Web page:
It can be a thin line between censorship and human rights – at least, according to the opinions of online Americans and British Internet users in a recent survey about the ‘Right to be Forgotten’ ruling.
The ‘Right to be Forgotten’ ruling stipulates that “individuals have the right, under certain conditions, to ask search engines to remove links with personal information about them. This applies where the information is inaccurate, inadequate, irrelevant or excessive for the purposes of the data processing.”
According to a new survey by TRUSTe, 69% of American online adults say that the ‘Right to be Forgotten’ is a human right, while slightly fewer British Internet users – 64%, say the same.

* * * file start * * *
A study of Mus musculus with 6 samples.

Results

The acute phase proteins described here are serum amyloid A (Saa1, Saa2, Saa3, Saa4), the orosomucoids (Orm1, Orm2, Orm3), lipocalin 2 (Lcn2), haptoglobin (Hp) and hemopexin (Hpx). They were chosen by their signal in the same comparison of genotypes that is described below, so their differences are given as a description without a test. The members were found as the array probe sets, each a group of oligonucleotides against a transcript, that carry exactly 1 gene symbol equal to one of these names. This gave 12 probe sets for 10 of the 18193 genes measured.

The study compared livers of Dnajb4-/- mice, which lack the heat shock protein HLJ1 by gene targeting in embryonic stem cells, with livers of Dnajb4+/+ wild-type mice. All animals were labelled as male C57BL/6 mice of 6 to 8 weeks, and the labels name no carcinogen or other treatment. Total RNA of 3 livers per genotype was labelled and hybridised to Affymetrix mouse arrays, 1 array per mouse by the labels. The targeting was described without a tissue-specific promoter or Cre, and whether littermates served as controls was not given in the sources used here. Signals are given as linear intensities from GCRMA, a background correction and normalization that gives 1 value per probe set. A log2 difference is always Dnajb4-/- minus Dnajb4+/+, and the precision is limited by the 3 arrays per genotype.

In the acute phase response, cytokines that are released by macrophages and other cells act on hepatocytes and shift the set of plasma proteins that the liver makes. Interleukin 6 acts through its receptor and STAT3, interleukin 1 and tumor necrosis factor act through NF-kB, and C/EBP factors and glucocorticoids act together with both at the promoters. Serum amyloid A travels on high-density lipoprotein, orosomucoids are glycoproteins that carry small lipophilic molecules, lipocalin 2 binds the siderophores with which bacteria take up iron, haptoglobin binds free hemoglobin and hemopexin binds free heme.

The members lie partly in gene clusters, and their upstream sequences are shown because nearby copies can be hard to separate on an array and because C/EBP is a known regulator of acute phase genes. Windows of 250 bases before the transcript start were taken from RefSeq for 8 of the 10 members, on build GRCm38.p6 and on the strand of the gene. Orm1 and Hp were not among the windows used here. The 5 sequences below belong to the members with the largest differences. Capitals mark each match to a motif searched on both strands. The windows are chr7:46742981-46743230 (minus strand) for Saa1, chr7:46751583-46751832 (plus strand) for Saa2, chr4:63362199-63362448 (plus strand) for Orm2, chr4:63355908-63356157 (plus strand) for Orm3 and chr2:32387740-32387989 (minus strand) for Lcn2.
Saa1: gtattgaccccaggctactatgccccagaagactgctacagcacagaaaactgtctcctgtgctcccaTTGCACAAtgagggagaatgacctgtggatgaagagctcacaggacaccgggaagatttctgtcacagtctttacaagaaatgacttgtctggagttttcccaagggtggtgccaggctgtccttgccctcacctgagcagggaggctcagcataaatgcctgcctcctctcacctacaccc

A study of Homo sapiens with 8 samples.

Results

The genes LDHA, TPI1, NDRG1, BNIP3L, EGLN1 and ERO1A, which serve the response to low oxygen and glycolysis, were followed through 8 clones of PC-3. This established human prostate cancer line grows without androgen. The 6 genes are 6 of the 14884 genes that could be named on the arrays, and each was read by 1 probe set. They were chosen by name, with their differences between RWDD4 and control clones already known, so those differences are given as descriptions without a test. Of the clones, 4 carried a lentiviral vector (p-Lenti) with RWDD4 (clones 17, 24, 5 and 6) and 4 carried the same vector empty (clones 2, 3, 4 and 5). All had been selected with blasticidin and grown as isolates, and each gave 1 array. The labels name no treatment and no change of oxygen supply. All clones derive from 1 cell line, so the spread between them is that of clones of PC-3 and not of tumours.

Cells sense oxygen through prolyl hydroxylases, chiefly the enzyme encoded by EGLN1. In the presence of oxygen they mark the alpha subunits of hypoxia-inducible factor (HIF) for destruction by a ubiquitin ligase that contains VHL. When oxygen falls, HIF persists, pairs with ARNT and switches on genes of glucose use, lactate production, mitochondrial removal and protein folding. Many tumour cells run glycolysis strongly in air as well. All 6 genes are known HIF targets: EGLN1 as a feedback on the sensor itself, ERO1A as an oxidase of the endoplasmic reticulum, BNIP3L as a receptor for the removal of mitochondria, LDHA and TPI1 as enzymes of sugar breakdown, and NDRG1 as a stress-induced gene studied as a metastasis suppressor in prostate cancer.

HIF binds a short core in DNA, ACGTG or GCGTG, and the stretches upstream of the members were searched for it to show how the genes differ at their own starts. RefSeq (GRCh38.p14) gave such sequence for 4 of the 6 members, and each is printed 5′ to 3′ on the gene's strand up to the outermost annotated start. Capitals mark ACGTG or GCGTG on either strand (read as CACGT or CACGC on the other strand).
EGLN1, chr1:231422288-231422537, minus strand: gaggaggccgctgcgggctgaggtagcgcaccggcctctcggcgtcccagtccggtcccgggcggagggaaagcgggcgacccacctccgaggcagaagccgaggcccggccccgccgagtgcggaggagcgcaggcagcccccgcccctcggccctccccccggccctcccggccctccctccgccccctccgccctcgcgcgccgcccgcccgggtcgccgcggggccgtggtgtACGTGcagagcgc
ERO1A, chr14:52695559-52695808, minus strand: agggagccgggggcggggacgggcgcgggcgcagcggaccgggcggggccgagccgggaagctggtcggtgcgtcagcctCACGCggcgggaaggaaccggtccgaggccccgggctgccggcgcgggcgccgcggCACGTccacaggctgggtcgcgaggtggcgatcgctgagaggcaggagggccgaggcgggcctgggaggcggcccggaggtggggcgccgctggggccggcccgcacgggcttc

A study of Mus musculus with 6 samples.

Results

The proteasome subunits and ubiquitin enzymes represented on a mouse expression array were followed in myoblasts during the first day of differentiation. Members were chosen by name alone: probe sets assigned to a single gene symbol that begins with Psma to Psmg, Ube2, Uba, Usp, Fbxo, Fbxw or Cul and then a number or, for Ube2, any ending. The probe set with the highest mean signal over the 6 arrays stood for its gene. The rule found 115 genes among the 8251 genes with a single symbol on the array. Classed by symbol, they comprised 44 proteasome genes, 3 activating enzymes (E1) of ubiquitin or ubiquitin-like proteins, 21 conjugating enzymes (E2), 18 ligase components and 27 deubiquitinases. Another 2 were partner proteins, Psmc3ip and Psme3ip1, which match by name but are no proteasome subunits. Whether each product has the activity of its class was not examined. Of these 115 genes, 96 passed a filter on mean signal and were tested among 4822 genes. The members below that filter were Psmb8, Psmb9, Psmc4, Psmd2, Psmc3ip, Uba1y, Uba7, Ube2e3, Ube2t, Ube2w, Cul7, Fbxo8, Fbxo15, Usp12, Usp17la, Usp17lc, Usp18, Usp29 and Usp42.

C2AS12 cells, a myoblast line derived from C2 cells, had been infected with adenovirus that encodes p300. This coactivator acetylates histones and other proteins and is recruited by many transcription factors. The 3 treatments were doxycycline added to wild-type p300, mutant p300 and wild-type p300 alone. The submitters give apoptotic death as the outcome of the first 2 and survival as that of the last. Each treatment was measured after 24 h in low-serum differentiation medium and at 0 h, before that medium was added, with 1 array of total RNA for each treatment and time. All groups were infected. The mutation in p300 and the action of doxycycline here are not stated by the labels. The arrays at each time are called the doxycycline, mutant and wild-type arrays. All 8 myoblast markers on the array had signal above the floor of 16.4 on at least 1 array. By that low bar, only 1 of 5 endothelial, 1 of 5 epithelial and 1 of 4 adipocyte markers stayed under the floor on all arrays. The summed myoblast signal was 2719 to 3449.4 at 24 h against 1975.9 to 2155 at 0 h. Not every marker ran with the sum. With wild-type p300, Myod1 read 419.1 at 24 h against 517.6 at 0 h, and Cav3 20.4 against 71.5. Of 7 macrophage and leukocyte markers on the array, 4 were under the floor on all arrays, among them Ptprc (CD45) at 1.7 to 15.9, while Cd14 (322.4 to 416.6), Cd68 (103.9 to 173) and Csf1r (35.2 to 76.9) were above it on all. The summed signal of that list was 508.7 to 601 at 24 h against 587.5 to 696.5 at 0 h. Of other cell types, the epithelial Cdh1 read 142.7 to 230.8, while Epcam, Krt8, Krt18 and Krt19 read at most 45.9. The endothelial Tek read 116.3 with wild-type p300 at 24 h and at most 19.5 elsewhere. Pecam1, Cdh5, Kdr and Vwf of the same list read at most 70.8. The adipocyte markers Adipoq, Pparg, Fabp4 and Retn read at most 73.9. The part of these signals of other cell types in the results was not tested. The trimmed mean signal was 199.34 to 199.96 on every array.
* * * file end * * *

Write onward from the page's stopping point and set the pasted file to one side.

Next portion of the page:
The survey showed feelings of American Internet users compared with British Internet users are slightly different when it comes to the practicality of the ‘Right to be Forgotten’ – while 24% of British Internet users think the ruling is not practical, only 16% of Americans say the same. An even greater difference is how people in Britain feel about the impact of the ruling on censorship. When asked if they think the ‘Right to be Forgotten’ ruling allows for censorship, 44% of British online adults said “yes” while only 29% of Americans felt the same.
However, the results were quite similar when it came to questions about what type of information they would request removed from company databases. Fifty-two percent of Americans and 55% in Britain said they would request to have their phone number removed, followed by their address (41% of Americans, 34% of British Internet users).